Brad Feld


Nov 28, 2007
Category Education

I sponsor a roundtable series titled The Silicon Flatirons Roundtable on Entrepreneurship, Innovation, and Public Policy.  It is hosted four times a year by The Silicon Flatirons Program at CU Boulder and is modeled after the Union Square Ventures Sessions.   We pick a topic and then get 30 or so smart and diverse thinkers in a room to kick the topic around for two hours.  Phil Weiser (Professor of Law and Executive Director of Silicon Flatirons) moderates and someone always takes extensive notes and writes up a summary paper.

The paper from the first roundtable – The Unintended Consequences of Sarbanes-Oxley (2/26/07) – are up.  We did this early in the year when the private equity boom was cranking and there are some juicy gems buried in the summary, including this one that seems prescient (or obvious) in hindsight.

"The roundtable’s discussion on private equity focused on private equity’s ever-increasing growth and whether such growth is, in fact, sustainable. Feld noted the similarity between this increase in growth and that of the VC industry before the bubble burst.  Webroot’s Pace also addressed this point and noted that private equity deals are continuing to grow in both number and value. On this point, Feld noted there is a certain irony in these deals because the companies are traded from one firm to another, but the limited partners often remain the same. The discussion of private equity concluded with the point that, to some extent, the private equity market’s success is contingent on the credit markets. Thus, the concern, as Feld explained, is that if the credit markets tighten, private equity firms’ returns will decrease while cost of capital to these companies will increase, and overleveraged firms may see a sharp reduction in their equity value."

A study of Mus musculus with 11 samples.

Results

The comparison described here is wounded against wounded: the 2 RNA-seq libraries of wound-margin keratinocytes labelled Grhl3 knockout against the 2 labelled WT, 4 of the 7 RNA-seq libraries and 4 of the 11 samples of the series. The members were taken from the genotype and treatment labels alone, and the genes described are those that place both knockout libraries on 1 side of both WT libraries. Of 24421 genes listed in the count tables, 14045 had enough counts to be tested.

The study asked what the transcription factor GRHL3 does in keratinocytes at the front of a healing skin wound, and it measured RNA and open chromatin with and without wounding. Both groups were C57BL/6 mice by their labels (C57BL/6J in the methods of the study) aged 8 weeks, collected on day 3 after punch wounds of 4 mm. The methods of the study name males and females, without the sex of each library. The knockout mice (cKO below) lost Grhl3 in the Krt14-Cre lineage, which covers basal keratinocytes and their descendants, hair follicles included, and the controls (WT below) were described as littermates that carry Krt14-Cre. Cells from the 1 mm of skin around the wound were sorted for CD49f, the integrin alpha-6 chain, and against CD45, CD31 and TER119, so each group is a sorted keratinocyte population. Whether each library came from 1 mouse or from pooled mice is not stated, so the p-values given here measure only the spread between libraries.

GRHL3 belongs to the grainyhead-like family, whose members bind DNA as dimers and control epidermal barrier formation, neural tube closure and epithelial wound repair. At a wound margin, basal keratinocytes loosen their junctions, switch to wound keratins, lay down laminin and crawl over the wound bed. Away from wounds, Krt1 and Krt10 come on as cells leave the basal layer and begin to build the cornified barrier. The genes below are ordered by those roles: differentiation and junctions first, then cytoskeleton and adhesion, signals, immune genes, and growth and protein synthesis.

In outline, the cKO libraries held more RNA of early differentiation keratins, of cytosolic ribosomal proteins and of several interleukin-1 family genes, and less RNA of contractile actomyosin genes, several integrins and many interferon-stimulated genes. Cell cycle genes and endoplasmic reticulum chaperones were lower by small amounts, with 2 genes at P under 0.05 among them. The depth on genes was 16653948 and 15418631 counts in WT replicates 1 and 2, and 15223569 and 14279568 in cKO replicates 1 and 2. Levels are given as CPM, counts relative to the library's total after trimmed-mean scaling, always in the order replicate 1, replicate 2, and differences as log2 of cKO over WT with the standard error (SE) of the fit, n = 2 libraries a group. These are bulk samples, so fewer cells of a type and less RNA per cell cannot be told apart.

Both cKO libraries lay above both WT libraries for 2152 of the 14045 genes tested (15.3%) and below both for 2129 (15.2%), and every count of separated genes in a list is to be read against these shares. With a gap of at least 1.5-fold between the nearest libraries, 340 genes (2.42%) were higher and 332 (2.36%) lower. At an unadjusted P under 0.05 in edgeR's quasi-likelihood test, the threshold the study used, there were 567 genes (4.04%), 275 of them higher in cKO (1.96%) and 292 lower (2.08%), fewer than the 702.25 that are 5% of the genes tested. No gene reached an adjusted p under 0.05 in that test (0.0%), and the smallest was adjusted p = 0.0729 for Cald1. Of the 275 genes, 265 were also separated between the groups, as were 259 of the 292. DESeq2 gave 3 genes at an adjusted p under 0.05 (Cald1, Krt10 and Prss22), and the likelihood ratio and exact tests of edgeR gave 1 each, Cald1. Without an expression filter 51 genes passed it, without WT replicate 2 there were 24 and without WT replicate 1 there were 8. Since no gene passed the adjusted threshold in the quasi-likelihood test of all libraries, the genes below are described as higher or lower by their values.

Our second roundtable was held in on 4/20/07 and the paper Rethinking Software Patents is also up on the web.  I thought this was a much more contentious session as there were several clearly different opinions represented in the room.  Pamela Samuelson – a professor at UC Berkeley School of Information and Boalt Hall School of Law – made the trip to Boulder and did an excellent job of kicking things off and getting the hornets buzzing around the "should there be software patents" nest.

The third roundtable – The Entrepreneurial University – was held a few months ago.  I’ll get a link up to the paper when it’s out.